The Dynaco 70 is the most important tube amplifier ever made. Sure, some may quibble at that characterization, but I can’t think of any other amplifier – at least within North America – that has turned on more audiophiles to the possibilities of tube amplification. Like countless others, it was the amplifier that turned me on to an alternative way of listening to music.
Back in the late 1950s, the stereo wars were heating up. Many audiophiles had invested in the expensive monoblocks or stereo amplifiers from Marantz, McIntosh, and Fisher. The smaller players – Heath, Dynaco, EICO, and Pilot were nipping on the heels of their more upscale brethren. David Hafler made the right move at the right time by introducing a $99 stereo wonder – the Dynaco 70.
Sure, this little budget amplifier couldn’t compete with the big boys at a performance level, but it was such a bargain that no one seemed to mind. The sales numbers certainly back this up. Yes, the power transformer was woefully underrated for supplying the current to four EL34s, and yes, the 7199 tube is not an ideal driver/phase-splitter, but whatever failings the Dynaco 70 has is ameliorated by the warm forgiving sound that throws a big wide soundstage. This is an amplifier made for playing music, and if paired with good tubes, the performance is damn well good enough to have made me a tube convert for life.
I bought my first Dynaco 70 at the tender age of nineteen. I was heading off to college and needed a stereo system. At the time I didn’t know anything about tube amplifiers but came enamored with them after hearing a McIntosh 240 over at a friend’s house. I loved the black transformer and chrome chassis look and lusted after the glowing tubes. When he asked if I wanted a tube amp, I readily agreed. However, I will admit that I had to hide my disappointment when he brought out the brown caged Dynaco 70. It certainly couldn’t compare to the McIntosh in the looks department. But little did I know how this little tube amplifier would change my life.
The amplifier started stock with Siemens EL34s, a Mullard 5AR4, and RCA 7199s. After a few weeks of that, the same friend suggested running an outboard tubed regulator to supply the front end. With the shortage of 7199 tubes – this was before the Internet, mind you – I converted the PCB, through the use of a RCA manual and my first soldering iron, to use 6GH8As. After that, it was modified to run the EL34s in triode. After that, it was sadly sold to another friend who began his own audio journey with tubes. At that point I was running modified Scott or EICO integrated amps, a small step before my DIY journey.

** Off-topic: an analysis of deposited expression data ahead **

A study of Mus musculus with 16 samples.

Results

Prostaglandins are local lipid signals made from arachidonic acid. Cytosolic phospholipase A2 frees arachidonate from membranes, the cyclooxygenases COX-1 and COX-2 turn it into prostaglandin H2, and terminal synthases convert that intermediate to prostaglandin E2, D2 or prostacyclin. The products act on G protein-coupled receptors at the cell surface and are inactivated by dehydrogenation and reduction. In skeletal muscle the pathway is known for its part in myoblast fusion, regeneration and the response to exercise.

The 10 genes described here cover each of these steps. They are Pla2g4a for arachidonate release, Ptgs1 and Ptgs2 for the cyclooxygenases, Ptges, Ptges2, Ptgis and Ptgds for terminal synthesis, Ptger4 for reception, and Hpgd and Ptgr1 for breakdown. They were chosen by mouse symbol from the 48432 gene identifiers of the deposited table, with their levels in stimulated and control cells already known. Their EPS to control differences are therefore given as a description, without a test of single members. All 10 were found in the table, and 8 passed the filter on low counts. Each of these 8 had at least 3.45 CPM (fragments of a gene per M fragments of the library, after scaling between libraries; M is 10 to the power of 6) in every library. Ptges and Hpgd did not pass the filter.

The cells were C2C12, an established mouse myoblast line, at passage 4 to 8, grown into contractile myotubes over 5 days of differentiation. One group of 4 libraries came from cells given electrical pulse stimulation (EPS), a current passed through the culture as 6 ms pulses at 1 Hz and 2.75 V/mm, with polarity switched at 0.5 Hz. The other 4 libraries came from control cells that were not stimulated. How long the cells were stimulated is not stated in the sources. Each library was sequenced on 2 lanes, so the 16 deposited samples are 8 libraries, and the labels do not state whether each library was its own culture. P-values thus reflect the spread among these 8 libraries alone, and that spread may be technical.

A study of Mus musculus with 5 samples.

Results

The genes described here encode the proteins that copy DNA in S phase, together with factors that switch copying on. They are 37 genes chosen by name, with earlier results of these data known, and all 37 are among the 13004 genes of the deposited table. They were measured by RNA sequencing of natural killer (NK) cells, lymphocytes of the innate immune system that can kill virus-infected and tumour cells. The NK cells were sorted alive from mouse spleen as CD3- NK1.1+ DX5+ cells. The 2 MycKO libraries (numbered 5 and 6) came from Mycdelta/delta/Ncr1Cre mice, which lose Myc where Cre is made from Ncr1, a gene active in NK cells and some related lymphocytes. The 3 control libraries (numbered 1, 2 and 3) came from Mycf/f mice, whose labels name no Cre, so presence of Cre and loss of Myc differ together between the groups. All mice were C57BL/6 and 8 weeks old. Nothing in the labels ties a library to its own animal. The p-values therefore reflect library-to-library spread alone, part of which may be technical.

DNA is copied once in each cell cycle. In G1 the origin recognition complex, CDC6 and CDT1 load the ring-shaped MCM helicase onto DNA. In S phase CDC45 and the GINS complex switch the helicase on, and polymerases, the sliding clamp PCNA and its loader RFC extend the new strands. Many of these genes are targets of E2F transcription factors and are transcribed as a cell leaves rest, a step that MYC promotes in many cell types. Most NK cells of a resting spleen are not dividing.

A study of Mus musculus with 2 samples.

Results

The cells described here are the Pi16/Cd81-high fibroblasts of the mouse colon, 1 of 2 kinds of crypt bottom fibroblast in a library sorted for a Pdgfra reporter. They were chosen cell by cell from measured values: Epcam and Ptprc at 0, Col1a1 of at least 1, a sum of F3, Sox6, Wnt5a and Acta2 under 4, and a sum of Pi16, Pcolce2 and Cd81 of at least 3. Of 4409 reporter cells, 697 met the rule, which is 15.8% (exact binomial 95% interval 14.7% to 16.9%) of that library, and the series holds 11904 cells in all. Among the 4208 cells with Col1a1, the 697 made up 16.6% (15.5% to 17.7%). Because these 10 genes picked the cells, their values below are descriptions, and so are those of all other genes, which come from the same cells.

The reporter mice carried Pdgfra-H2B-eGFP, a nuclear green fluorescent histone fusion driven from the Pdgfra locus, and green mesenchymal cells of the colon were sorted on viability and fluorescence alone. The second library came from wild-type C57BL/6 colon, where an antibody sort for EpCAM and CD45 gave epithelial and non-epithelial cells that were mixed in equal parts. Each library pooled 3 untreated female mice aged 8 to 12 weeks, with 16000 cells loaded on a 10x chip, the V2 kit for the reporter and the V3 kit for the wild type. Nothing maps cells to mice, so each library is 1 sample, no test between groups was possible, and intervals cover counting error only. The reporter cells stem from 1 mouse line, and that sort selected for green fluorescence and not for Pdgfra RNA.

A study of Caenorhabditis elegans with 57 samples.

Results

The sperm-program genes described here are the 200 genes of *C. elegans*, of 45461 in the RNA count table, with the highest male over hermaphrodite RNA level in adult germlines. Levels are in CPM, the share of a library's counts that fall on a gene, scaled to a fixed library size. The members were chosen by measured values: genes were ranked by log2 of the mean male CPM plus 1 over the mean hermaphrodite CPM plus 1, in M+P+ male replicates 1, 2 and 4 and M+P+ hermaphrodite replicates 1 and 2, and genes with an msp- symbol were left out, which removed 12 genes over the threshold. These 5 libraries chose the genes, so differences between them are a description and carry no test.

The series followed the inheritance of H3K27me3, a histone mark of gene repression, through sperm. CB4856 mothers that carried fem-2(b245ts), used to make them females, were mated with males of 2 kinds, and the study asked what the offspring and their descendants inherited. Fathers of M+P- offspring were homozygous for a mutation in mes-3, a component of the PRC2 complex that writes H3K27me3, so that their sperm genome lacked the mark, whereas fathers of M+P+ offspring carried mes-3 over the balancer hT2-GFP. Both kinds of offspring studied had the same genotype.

A few years ago, I exchanged emails with the fellow who bought the Dynaco 70. He still had it! We did a swap and I had my very first amplifier back in my possession. The original circuit board was long gone, the tube sockets were shot, and the can cap had been replaced by a giant oil power supply capacitor. This old amplifier was due for a rebuild.
In order to stay true with the spirit of the Dynaco house sound, my restoration was fairly limited in scope. The input circuitry was replaced with a PCB from Triode Electronics that utilizes a pair of EF86 tubes and a single 12AU7. The power supply can-cap was replaced with a SDS circuit board that fitted underneath one of the output transformers. A bit of wire and solder, some new output tube sockets, and the amplifier was ready to sing again.
For tube selection, I went with some budget Russian valves – EH EL34s, Sovtek EF86s and a 5AR4. The sole American tube was a late production Phillips 12AU7. The sound, as to be expected, was a little on the harsh side. This was due to the “solid-state in a bottle sound” that afflicts many of the lower-end Russian tubes. So it was time for a spate of rolling. In the end, the amplifier finished with Matsushita EL34s, Dutch EF86s, a Hitachi 5AR4, and a 1950s-era RCA blackplate 12AU7. This change made for a much smoother and cohesive amplifier that was quite enjoyable to listen to.
But, I’m not the sort of chap who wears rose-colored glasses. The Dynaco, even with an improved power supply and new input circuit, suffers from several flaws that stop it from being a truly great amplifier.
First of all, the power transformer is helpless underrated in the current department which will cause the voltage to sag at higher output powers. Another issue is the use of a single 5AR4 rectifier to handle all four output tubes. Sure, it’s within the specification of that tube, but still it is hitting the top of the envelope. Of course these two problems can be rectified (ha! – editor) by an aftermarket power transformer and a different rectifier or even the use of solid-state diodes (which have their own issues).
However, even with those changes, I believe the fatal flaw of the Dynaco 70 rests with the A-470 output transformers. Like many things Dynaco – especially on their budget gear – this output transformer was built to a price point. At higher output levels, the amplifier sounds like the core is saturating, giving that pleasant “tube-like” compression. It sounds like the images are on springs, causing the soundstage to shrink in size as large dynamic swings occur. Why do I pin the blame on the output transformers? I’ve heard the same effect on the Dynaco Mark IV, the monoblock version of the Dynaco 70 that have a much beefier supply that isn’t shared between two channels.
So yes, the Dynaco 70 – and all the new kit versions now available – is still a great introduction to the world of tubes, but it isn’t the end game. There are much better - and admittedly more expensive – amplifiers that really lift the veil over the music and provide the sort of output that an audiophile wants to hear.